EJToday: Top Headlines
EJToday is SEJ's selection of new and outstanding stories on environmental topics in print and on the air, updated every weekday. SEJ also offers a free e-mailed digest of the day's EJToday postings, called SEJ-beat. SEJ members are subscribed automatically, but may opt out here. Non-members may subscribe here. EJToday is also available via RSS feed. Please see Editorial Guidelines for EJToday content.
"When President Obama during his inauguration speech made a case for tackling human-driven climate change, it felt like deja vu for many in the environmental community -- including members of religious groups who have long looked to him for action."
Climate change is already creating refugees along the coastal lowlands of Bangladesh.
"Heat rising up from cities such as New York, Paris and Tokyo might be remotely warming up winters far away in some rural parts of Alaska, Canada, and Siberia, a surprising study theorizes."
"When Groundhog Day arrives Saturday, don't waste much time expecting to see your local groundhog. It's too early. Normal emergence in the Washington area is late February or early March — but a steadily warming world might change that."
"Microbes are known to be able to thrive in extreme environments, from inside fiery volcanoes to down on the bottom of the ocean. Now scientists have found a surprising number of them living in storm clouds tens of thousands of feet above the Earth. And those airborne microbes could play a role in global climate."
"Last fall, when Democrats and Republicans seemed unable to agree on anything, one bill glided through Congress with broad bipartisan support and won a quick signature from President Obama: the European Union Emissions Trading Scheme Prohibition Act of 2011."
"Lord Stern, author of the government-commissioned review on climate change that became the reference work for politicians and green campaigners, now says he underestimated the risks, and should have been more 'blunt' about the threat posed to the economy by rising temperatures."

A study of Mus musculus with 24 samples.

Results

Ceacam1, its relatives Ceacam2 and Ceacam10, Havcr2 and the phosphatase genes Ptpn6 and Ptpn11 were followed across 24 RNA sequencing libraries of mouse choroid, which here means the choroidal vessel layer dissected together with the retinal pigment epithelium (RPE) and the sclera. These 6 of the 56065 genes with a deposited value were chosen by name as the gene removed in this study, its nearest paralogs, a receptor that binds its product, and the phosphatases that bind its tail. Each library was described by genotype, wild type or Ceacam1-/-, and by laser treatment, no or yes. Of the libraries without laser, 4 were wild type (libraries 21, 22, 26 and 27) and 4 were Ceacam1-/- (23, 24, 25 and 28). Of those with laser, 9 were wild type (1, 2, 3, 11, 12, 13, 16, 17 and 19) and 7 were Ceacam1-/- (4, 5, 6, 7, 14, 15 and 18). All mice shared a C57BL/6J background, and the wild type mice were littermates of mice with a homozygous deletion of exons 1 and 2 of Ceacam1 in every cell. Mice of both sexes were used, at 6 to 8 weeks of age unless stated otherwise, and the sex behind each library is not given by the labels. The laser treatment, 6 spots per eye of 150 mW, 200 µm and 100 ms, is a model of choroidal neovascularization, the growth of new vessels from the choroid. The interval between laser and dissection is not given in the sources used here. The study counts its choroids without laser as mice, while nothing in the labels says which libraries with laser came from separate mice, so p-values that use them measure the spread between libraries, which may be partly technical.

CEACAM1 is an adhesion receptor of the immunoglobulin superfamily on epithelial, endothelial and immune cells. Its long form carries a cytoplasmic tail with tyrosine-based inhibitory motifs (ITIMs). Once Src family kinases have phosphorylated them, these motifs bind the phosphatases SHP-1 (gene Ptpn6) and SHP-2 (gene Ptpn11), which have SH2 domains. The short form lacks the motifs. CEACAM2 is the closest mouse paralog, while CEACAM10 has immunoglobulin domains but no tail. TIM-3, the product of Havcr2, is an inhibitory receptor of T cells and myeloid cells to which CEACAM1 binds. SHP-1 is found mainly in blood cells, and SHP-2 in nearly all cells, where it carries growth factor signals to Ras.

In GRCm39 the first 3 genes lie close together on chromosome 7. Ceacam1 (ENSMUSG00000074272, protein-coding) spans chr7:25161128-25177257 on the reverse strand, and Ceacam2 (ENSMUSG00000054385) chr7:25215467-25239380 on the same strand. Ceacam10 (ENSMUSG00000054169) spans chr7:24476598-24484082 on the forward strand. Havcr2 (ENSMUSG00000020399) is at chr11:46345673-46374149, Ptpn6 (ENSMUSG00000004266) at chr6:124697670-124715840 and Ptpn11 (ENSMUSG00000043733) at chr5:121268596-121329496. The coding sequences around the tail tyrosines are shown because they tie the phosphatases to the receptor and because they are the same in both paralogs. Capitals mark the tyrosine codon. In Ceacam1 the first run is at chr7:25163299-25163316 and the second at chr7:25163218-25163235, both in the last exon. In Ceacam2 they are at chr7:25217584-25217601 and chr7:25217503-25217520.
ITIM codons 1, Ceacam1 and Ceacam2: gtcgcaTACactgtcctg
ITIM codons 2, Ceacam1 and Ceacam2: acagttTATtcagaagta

It's not just that the billionaire Koch brothers have spent tens of millions to undermine science and stifle debate on climate change. It's that they do it in secret.
"WASHINGTON -- Climate change is getting renewed attention in Congress. Representative Henry Waxman of California and Senator Sheldon Whitehouse of Rhode Island, both Democrats, today announced the formation of a Task Force on Climate Change that will be active in both the House and the Senate."
Resilience means survival as a growing number of budget-strapped states states face environmental disasters -- often climate-related -- with inadequate help from the federal government.
"The Obama administration is likely to rely mostly on existing rules and on flexing executive power to execute its second-term environmental agenda, sidestepping Congress as it sets about radically reducing greenhouse gases generated by major polluters."
"Promoting a recent poll, CNN is treating climate change as a matter of opinion, saying Americans are divided over whether or not it is real. But the network itself has fueled such confusion, often failing to report that manmade emissions are driving climate change or giving credence to those who deny the science behind it."
"How hot is the controversial Keystone Pipeline controversy getting? The Sierra Club is — for the first time in its history — going to engage in civil disobedience on Feb. 17 in Washington, D.C., which is also a day that greenies predict will be 'the largest climate rally in history.'"
President Obama's vow to address climate change in his second Inaugural Address January 21 could actually prove more than bold words. Despite the failure of the 111th and 112th Congresses to pass a cap-and-trade bill or any other major climate change legislation, Obama clearly has the power to limit greenhouse gas emissions himself, using his Supreme Court-tested executive authority under the Clean Air Act and other powers. Key Congressional Democrats are urging him on.